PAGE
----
Thisby Thestoop and the Black Mountain

It’s fair to say that I read a good number of books children’s books. Having kids of my own, I like to pilfer their shelves from time to time. In our house, we like to stock “the classics” as a sort of quality guarantee. Since children’s books became a genre there have been writers who have tried to cash in on the children’s market as a way to make a quick buck with little effort. Reading “the classics” means that you get the best books from every era without having to wade through the formulaic twaddle, most of which has mercifully been forgotten over the years.
It’s a different story with modern children’s books. Picking up a new children’s book means taking a chance on wasting your time, and the modern children’s book publishing machine loves tried and true formulas. After the success of Harry Potter we got books about schools for magical/mythological/specially talented kids who are sorted into groups based on their personalities. After The Hunger Games took off, we’ve have had m…

Uncle Terrible

Uncle Terrible is a friend of the family. He teaches high school Latin, collects comic books and movie memorabilia, and is called Uncle Terrible because he’s so terribly nice. Anatole goes to visit Uncle Terrible in his New York apartment, little suspecting that he will soon be shrinking to the size of a cockroach, meeting Mother Nature, traveling with a skeletal mule, and playing a life-and-death game of checkers with an evil wizard to save his friends.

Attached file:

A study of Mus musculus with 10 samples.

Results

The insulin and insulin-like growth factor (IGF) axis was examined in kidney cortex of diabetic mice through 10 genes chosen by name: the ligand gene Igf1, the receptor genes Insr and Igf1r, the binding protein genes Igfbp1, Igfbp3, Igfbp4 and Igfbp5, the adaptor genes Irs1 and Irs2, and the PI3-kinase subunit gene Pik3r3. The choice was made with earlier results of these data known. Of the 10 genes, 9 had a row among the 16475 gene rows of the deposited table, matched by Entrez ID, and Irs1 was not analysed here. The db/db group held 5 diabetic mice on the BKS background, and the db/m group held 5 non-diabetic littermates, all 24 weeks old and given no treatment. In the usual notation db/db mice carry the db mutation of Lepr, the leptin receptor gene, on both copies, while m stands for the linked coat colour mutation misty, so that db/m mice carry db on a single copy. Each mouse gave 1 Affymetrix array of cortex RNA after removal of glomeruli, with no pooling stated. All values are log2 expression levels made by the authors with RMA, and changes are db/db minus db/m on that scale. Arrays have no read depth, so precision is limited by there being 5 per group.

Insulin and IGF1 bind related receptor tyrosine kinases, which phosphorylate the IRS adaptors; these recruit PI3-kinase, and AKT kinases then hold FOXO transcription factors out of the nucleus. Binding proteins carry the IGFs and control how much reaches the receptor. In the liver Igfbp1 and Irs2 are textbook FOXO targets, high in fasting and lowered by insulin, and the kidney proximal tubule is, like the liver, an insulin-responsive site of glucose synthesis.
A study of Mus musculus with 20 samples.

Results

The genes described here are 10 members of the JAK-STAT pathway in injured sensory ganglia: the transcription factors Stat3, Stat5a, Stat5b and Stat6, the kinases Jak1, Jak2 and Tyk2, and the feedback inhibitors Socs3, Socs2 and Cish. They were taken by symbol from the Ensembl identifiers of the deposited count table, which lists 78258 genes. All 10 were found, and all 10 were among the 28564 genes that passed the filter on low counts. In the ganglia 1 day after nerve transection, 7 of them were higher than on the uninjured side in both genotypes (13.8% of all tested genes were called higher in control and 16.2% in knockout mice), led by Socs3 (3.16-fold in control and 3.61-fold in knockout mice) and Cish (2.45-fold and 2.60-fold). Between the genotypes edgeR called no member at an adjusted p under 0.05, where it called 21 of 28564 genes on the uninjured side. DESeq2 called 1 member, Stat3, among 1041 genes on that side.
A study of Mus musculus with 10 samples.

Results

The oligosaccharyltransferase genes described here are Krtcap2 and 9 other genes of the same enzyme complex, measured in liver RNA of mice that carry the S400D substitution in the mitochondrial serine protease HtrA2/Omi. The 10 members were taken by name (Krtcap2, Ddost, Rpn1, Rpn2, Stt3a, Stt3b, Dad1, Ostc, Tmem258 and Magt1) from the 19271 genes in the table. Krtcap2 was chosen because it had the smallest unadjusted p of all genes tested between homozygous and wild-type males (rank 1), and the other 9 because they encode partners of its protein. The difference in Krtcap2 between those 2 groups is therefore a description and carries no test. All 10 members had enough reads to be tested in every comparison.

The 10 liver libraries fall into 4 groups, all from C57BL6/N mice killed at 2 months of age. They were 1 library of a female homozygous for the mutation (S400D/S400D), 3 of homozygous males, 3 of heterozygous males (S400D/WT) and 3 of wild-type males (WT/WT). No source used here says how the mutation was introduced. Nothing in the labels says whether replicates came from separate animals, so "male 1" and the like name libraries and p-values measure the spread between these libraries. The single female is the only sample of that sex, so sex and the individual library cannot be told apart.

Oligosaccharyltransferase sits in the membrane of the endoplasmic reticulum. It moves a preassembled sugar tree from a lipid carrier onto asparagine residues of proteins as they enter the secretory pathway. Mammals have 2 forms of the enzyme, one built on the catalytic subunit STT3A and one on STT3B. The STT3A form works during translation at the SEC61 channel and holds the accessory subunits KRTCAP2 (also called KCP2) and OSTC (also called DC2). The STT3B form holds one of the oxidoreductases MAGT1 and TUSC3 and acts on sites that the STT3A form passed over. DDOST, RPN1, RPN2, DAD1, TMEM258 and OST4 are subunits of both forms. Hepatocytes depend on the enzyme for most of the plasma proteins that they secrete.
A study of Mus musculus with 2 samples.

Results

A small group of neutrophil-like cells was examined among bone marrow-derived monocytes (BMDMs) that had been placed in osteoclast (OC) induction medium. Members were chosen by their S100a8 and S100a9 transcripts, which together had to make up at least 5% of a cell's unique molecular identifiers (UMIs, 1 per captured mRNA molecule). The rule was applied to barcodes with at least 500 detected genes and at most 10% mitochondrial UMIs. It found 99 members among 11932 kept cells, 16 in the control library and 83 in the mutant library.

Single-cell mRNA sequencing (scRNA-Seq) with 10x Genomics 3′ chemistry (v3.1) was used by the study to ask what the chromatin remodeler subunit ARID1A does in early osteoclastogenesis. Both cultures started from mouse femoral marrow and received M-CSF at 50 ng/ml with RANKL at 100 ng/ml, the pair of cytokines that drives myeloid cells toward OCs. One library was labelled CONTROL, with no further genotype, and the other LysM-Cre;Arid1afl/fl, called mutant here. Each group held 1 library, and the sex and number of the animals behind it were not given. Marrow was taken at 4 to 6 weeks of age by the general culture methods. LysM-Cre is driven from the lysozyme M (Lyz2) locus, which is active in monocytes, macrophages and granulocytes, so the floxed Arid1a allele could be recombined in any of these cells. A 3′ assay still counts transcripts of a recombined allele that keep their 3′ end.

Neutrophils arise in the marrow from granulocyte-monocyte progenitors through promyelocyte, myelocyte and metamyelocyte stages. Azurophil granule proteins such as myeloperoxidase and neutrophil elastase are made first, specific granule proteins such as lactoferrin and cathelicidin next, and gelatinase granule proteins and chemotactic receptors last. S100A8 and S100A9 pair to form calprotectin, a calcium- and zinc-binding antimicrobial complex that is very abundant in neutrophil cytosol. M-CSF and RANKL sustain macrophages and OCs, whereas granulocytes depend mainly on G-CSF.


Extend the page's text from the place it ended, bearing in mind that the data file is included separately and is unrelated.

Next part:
Uncle Terrible is an incredibly imaginative story; it is reminiscent of the best of George MacDonald, E. Nesbit, and Lewis Carroll. It’s been a while since I’ve enjoyed a children’s fantasy book like I have Uncle Terrible, and I recommend it highly as a quick read for children and adults.

5/5 stars

Comments

Anonymous said…
Your description reminded me of Dahl's books too. sometimes it's nice to curl up with a whimsical book and I also enjoy MacDonald from time to time.

Thanks for your review
(coming over from Semicolon's Sat. Review of books)
Rick said…
Thanks for visiting. I didn't mention Dahl in my review, but it *does* remind me a lot of his books as well. I don't know why this one is not more well known than it is.
I'm a little late to the conversation, but I'd like to say that the other two books in the Anatole series are just as good. In fact, I like both of them a little better than Uncle Terrible and I like Uncle Terrible quite a lot! These books are out of print now (for no good reason that I can tell!) so snap them up if you find then. Dayan
Rick said…
Thanks, Elena. I'll definitely keep an eye out.